A Virginia school district closed all its schools and administrative offices on last week because of security concerns stemming from a backlash against a calligraphy assignment where students were asked to write the Islamic declaration of faith.
The closure of Augusta County schools comes a day after all sports and extracurricular activities were cancelled and the schools were locked down on Thursday. In a statement on the district's website, the superintendent, Eric Bond, said "the division had received an overwhelming amount of electronic communication about the Riverheads High School religious calligraphy controversy," according to the Staunton News-Leader.
Students will not return to school until Jan. 4.
"While there has been no specific threat of harm to students, schools and school offices will be closed Friday, Dec. 18, 2015," Bond wrote in the statement." All extra-curricular activities are likewise cancelled for tonight, Thursday, Dec. 17, through the weekend. We regret having to take this action, but we are doing so based on the recommendations of law enforcement and the Augusta County School Board out of an abundance of caution."
The security concerns follow a parent complaint about a high school teacher who was teaching a world geography lesson on Islam. The teacher asked students to write "the Shahada," an Islamic declaration of faith in Arabic calligraphy. According to the newspaper, conservative Christian parents "were outraged and hosted a heated forum on Tuesday night" at a local church. The paper says the national media attention on the case has "led to the security concerns."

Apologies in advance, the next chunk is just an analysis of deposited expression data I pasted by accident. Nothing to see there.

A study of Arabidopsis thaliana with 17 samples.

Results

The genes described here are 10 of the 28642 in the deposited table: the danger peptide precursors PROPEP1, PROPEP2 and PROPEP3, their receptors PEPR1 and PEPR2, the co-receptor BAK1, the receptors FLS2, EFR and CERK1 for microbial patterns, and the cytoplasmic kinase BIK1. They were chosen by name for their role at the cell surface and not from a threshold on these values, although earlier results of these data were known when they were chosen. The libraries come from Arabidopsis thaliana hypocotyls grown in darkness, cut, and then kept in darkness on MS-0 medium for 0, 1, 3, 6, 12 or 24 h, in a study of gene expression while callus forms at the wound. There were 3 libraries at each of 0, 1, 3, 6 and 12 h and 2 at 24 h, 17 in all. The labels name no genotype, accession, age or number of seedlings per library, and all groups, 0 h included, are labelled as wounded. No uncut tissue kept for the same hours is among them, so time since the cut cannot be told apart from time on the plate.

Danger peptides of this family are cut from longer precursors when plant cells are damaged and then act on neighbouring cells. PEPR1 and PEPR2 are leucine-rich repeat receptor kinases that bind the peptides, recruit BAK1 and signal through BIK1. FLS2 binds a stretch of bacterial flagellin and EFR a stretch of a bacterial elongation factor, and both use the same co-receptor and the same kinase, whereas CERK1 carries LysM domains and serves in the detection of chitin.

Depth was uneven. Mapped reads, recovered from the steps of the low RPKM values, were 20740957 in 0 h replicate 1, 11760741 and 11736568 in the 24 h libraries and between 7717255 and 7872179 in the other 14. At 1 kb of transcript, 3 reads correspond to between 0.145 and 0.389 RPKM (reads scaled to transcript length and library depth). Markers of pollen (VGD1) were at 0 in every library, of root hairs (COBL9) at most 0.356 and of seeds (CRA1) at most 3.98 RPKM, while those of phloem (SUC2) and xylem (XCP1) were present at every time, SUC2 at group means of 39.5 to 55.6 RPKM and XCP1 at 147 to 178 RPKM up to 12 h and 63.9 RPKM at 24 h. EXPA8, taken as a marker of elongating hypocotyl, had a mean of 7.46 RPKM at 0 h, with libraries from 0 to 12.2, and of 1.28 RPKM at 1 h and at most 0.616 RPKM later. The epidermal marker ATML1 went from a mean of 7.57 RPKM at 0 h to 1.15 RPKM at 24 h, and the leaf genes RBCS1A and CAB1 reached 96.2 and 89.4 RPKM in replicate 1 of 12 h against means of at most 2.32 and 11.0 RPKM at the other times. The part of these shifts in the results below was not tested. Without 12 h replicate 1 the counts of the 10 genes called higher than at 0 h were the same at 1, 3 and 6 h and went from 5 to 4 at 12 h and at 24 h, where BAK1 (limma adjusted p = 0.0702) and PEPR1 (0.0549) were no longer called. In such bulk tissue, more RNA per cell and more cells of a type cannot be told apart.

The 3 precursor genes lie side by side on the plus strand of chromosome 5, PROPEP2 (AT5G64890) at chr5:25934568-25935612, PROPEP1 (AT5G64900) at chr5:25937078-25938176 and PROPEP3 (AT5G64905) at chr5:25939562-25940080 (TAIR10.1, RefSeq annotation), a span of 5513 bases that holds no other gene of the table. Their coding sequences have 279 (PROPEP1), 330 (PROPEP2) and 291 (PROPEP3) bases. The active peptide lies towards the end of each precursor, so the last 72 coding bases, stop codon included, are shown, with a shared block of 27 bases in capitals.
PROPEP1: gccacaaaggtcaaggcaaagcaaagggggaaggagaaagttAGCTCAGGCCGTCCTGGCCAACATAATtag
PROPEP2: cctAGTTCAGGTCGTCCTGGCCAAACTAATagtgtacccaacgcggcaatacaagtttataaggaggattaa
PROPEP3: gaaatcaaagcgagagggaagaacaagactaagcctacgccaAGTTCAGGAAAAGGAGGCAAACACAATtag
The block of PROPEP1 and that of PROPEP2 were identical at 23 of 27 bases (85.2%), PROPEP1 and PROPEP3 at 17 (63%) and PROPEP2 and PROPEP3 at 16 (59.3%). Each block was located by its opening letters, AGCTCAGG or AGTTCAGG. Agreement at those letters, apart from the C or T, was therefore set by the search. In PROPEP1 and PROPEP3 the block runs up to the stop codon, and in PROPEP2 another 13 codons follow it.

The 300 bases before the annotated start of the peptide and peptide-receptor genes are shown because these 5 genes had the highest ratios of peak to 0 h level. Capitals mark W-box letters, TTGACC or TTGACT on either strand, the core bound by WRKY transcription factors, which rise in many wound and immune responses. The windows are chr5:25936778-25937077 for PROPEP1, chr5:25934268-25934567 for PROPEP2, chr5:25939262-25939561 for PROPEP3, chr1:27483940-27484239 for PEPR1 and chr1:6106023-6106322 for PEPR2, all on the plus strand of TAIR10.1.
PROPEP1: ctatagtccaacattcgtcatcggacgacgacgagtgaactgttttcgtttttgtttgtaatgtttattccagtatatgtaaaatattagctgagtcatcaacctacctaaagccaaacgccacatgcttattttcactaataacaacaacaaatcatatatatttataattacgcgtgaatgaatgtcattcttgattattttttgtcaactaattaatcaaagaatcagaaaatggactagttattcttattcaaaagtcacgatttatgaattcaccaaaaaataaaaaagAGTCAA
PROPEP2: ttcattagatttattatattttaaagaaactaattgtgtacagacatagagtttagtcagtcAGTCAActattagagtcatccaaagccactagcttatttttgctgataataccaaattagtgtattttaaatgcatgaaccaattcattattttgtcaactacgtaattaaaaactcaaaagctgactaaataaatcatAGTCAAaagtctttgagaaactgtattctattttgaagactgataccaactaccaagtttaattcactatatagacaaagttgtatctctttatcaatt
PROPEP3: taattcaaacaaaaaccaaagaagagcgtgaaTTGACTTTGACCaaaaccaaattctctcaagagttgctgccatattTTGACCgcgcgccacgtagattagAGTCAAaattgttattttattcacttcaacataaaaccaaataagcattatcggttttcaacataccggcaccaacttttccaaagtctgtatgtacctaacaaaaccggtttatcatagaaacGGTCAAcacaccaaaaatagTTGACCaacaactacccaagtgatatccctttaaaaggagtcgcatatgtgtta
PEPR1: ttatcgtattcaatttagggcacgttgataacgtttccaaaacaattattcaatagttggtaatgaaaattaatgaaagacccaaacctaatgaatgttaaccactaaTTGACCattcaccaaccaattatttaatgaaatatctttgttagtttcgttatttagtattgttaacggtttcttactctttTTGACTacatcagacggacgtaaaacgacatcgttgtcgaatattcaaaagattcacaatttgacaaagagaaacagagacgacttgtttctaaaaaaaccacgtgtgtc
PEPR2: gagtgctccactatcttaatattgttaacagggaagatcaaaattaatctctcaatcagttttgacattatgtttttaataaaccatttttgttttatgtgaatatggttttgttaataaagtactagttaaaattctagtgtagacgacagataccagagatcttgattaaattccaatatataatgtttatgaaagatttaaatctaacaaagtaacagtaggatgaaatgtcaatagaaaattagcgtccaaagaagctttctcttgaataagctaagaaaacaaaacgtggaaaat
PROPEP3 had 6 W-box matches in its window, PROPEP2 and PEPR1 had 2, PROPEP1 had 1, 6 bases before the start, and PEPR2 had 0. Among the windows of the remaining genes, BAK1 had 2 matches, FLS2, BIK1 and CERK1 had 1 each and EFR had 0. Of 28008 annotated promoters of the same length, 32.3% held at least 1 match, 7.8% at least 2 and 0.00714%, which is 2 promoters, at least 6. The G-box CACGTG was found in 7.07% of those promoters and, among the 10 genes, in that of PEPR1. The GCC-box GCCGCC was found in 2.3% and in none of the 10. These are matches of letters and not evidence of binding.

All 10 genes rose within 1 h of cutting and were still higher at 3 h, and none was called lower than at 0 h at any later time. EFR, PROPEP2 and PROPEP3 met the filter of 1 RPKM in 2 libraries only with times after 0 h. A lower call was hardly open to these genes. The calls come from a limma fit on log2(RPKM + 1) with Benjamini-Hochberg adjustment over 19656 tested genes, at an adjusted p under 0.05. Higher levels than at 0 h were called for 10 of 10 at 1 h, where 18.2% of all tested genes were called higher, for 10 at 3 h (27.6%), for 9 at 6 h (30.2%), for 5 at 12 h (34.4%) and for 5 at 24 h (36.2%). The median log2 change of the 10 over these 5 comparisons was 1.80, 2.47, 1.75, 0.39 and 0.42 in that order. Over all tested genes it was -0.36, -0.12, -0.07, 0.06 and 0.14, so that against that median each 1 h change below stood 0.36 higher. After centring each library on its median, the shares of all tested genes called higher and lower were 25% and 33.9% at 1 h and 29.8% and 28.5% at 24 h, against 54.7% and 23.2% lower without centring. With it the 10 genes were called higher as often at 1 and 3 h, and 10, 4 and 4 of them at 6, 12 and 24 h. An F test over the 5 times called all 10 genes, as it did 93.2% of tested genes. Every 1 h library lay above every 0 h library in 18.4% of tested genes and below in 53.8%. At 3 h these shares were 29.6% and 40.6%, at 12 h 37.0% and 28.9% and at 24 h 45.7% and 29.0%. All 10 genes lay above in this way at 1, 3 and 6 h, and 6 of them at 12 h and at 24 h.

Kimberly Herndon, an August County parent who organized the public forum, called the calligraphy assignment indoctrination, according to an earlier article from the News-Leader.
"That's why we need to join together," Herndon told other parents. "If my truth cannot be spoken in schools, I don't want false doctrine spoken in schools. That's what keeps it even across the board."
The Shabada, which the students were asked to write, is: "There is no god but Allah. Muhammad is his messenger." The News-Leader says the recitation of the statement is a "fundamental step in conversion to Islam."
In an earlier press release by Bond, the superintendent told parents that when students study a specific region in class they also study its religion and language.
"The students were presented with the statement to demonstrate the complex artistry of the written language used in the Middle East, and were asked to attempt to copy it in order to give the students an idea of the artistic complexity of the calligraphy," Bond wrote in the release.